How to run faster & reduce injury risk

Frozen shoulder is a condition that causes a great deal of discomfort and nuisance to many everyday activities. This condition is also known as adhesive capsulitis, and the condition usually follows a pattern of pain and movement restriction that hangs around for many months. Frozen shoulder is most common in the over 40 age group and has a prevalence of between 2-5% in the general population (1).

Sometimes a frozen shoulder develops after an injury, such as a fall onto the shoulder or a severe jarring force to the joint. However, for most people, the condition seems to come out of the blue. The first stages of a frozen shoulder are typically pretty painful with not too much joint stiffness. Sleep is often very disturbed and during this stage it is important to get medical advice and appropriate analgesic medication. The second phase of a frozen shoulder typically features a gradual reduction in pain and an increased amount of joint stiffness. The final stage sees the shoulder being primarily stiff with not too much pain.

There is a growing amount of evidence that points to an underlying metabolic cause for a frozen shoulder. This are links between frozen shoulder, diabetes, obesity and some heart & lung conditions. These conditions are linked to metabolic syndrome. This is a group of biological changes including lipid abnormalities, elevated blood insulin levels. Associated with this is an immune response, which includes an increase of pro-inflammatory cytokines. These substances cause a chronic low grade inflammatory state (2). Low grade inflammation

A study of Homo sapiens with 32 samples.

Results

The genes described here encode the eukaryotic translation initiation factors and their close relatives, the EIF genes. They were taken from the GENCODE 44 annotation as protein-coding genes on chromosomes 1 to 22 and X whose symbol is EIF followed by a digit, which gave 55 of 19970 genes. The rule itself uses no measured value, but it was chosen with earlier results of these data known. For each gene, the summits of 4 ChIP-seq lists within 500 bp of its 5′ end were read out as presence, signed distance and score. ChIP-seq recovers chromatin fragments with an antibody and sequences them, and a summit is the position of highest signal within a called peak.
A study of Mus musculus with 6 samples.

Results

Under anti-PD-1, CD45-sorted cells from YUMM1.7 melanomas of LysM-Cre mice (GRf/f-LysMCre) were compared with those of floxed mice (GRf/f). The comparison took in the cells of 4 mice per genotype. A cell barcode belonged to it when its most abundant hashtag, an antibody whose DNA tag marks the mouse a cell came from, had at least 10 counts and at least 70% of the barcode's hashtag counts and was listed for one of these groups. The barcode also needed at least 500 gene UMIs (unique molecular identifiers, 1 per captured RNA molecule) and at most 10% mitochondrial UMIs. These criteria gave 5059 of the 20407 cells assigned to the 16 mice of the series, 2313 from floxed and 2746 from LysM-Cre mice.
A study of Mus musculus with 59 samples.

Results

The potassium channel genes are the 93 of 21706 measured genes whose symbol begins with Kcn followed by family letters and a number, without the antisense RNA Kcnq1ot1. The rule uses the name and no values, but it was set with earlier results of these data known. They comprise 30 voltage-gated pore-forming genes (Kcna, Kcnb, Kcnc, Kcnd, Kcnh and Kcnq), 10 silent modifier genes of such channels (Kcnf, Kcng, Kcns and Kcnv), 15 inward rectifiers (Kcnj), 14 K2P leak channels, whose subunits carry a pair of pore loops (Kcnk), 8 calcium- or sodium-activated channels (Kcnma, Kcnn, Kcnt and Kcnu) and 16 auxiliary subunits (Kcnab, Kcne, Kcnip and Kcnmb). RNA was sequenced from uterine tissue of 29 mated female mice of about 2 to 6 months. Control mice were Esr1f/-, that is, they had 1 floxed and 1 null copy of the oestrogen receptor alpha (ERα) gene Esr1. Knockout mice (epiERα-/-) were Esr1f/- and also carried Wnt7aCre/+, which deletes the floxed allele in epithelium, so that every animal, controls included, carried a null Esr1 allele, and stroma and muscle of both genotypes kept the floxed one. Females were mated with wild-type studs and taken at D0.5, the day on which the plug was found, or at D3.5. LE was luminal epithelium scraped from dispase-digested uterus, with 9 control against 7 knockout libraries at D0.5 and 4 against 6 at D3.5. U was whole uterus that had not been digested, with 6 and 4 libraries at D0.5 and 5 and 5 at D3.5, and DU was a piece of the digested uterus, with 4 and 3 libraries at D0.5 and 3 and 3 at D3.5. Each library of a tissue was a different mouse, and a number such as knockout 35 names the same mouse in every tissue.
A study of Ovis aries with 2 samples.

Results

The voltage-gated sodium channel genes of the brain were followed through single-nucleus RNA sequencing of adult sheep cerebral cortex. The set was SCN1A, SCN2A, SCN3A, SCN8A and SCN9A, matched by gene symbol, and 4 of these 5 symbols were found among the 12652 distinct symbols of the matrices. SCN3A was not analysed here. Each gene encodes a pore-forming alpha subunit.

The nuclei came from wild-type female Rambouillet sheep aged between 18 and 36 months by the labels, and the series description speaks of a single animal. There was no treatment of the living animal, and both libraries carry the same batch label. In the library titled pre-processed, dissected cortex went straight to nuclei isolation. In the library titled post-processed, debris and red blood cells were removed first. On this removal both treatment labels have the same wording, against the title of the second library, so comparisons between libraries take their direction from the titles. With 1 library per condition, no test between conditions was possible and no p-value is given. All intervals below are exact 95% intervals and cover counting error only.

is thought to be the thing that causes a frozen shoulder because it causes the shoulder soft tissues to become contracted band sensitive to movement.

The important thing to remember about frozen shoulder is that it is a self limiting condition. This means that it will resolve naturally over time. There are a number of things that can help this process along and a number of things that can make things worse. The best advice is get medical help, particularly in the early stages so that good pain management can be established. Then some occasional visits to a Physiotherapist are a good idea so that the course of the condition can be monitored and appropriate mobilising and strengthening work can be administered to restore full shoulder function.


1 Reeves B. The natural history of the frozen shoulder syndrome. Scand J Rheumatol 1975; 4:193.
2 Hutcheson R, Rocic P. The metabolic syndrome, oxidative stress, environment, and cardiovascular disease: the great exploration. Exp Diabetes Res 2012;2012:1–13.